Bright Side

Remembering the incredible woman that was Audrey Hepburn

One of the most extraordinary Hollywood actresses, Audrey Hepburn, passed away 23 years ago on January 20, 1993. She was never short of offers from the greatest film directors, but she dreamed of a quiet family life. Critics showered her with awards and glowing reviews, but she never thought of herself as a real actress. The whole world worshiped her beauty, but she considered herself very ordinary. 

We at Bright Side would like to confess our great love and endless respect for this truly unique woman.

So different, so divisive and so honest, Audrey Hepburn went down in history not only as a great actress, but also as a genuinely good and sincere person, who was trying to make this world a better place.

As a child, the future actress was reserved and quite sad. "More than anything I liked to play by myself. I wanted someone to understand me," said Audrey.

Audrey Hepburn never really dreamed of being an actress. She agreed to make her first professional stage appearance after the war just to earn some money.

Success came to her very early. Hepburn's very first major Hollywood movie — "Roman Holiday" — brought her worldwide fame and her first Oscar in 1953.

It is no secret that Audrey was a good friend and a muse to Hubert de Givenchy. Looking back on their relationship, the great fashion designer said, "Just thinking about her was enough to fill my head with new ideas."

From an early age, Audrey dreamed of a large and happy family. Instead of going to endless parties and fashion shows, she wanted to cook dinners and meet her husband after work, just like a normal, loving wife.

Remembering her first marriage, the actress wrote, "I never wanted a divorce. I hate that word. My idea was to get married once and for all."

Hepburn had been suffering from neurotic depression ever since she was a child, and her several failed pregnancies were especially hard for her. As the actress later admitted, "After yet another miscarriage, I was almost on the verge of insanity."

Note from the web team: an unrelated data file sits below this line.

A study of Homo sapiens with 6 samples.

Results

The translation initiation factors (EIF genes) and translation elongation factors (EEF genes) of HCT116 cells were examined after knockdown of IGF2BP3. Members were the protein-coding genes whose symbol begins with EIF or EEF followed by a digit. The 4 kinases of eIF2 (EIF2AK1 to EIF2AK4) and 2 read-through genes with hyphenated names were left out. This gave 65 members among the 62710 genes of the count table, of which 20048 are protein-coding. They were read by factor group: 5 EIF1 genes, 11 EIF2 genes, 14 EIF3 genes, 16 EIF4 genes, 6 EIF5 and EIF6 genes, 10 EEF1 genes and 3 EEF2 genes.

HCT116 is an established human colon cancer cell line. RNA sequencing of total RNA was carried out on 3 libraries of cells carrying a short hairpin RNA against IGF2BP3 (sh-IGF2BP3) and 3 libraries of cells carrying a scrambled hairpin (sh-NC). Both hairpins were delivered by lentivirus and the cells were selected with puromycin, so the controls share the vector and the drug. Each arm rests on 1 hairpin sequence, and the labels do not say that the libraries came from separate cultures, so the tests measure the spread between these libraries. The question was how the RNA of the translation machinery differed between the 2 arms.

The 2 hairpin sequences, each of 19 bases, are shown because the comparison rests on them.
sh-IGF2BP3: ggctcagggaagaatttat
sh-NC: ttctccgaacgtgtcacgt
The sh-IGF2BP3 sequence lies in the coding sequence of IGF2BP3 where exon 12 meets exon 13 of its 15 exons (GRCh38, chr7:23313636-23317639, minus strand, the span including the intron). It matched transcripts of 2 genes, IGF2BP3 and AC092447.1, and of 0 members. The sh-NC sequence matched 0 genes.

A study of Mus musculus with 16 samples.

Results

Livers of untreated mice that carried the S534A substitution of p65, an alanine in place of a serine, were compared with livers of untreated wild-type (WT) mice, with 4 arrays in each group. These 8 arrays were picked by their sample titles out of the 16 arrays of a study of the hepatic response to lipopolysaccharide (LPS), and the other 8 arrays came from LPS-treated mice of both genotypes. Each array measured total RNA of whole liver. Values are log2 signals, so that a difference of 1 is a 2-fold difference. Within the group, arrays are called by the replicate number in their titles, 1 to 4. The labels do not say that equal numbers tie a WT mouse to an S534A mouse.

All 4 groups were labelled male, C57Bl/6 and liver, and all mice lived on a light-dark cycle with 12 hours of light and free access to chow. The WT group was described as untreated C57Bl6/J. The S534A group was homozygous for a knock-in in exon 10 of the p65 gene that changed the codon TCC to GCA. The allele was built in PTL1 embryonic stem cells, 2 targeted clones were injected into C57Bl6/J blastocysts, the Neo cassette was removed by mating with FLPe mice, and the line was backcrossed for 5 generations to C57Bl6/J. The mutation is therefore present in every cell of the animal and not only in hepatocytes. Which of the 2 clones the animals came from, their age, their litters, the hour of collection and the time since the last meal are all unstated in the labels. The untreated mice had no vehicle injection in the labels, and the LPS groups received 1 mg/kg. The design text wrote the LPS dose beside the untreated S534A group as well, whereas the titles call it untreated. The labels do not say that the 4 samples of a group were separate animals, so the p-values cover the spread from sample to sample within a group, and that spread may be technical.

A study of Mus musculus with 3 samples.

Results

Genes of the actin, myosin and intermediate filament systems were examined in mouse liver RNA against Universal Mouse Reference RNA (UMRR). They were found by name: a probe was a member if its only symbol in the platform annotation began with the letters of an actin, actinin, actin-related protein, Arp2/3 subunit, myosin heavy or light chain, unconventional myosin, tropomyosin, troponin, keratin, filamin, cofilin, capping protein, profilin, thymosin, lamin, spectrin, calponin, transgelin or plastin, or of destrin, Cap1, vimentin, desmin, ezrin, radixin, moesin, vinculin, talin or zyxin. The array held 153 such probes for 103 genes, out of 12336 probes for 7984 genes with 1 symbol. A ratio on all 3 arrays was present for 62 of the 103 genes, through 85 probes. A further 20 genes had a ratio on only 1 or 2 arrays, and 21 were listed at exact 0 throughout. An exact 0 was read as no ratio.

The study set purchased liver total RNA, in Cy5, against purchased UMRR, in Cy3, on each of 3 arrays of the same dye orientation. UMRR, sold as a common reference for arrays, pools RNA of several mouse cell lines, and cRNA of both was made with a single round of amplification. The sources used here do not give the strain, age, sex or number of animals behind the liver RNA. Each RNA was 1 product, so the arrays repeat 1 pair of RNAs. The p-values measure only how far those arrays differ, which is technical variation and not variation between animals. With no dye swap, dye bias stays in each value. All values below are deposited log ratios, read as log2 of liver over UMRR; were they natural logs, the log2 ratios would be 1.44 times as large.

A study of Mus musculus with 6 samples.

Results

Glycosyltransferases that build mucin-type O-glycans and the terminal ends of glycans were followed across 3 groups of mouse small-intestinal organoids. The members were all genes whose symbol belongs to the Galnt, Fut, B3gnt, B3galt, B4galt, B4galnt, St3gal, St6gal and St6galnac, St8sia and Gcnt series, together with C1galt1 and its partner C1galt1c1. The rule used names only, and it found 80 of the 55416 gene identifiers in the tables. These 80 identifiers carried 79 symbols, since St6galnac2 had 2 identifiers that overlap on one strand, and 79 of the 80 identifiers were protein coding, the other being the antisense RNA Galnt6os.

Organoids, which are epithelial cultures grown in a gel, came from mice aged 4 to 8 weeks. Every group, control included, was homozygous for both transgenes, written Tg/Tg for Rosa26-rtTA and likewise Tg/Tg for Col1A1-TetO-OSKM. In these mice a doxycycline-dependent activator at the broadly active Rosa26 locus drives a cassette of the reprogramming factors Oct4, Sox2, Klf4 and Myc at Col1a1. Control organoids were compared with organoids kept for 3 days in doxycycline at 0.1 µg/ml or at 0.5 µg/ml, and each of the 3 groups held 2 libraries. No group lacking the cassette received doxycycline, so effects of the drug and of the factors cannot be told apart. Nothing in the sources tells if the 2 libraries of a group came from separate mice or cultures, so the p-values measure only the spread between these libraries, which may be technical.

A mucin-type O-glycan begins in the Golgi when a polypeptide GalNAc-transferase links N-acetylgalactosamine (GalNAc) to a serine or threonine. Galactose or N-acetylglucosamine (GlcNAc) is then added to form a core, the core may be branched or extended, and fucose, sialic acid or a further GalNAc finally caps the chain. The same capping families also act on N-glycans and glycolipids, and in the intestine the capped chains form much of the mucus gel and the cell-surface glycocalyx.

Motherhood was her most cherished dream, and she gave birth to her long-awaited first child when she was 30.

Audrey Hepburn loved and cared for animals. Over the years, she had a lot of pets: a Yorkie, a Poodle, a Jack Russell Terrier, a cat and even a wild deer called Pippin.

Hepburn considered her work in "The Nun's Story" to be the piece of which she was most proud. The character she created, Sister Luke, became one of the brightest characters in cinematic history.

On the set of "Two for the Road," Audrey and her co-star, Albert Finney, struck up a romance. "She and Albie had this wonderful thing together," said their mutual friend Irwin Shaw. "They were like a couple of kids with the jokes that only they could understand."

Despite all of the problems in her personal life as well as her depression, Audrey Hepburn remained a very sincere person with an open heart and charming sense of humor. As the actress used to say, "I honestly think it's the thing I like most, to laugh. It cures a multitude of ills. It's probably the most important thing in a person."

From 1988 until her untimely death, the actress had been proudly serving as a UNICEF Special Ambassador, helping children who suffered from hunger and the horrors of war. She carried out several humanitarian projects and was awarded the United States' highest civilian award, the Presidential Medal of Freedom.

Audrey Hepburn died of cancer at 63, surrounded by her family and friends. She lived a hard, but definitely interesting and unusual life. It was full of both bitterness and sadness, and infinite joy and love.

The actress used to say that she "was born with an incredible desire to love and a passionate need to give it. Love is the most unique contribution — the more you give it, the more it is born in you."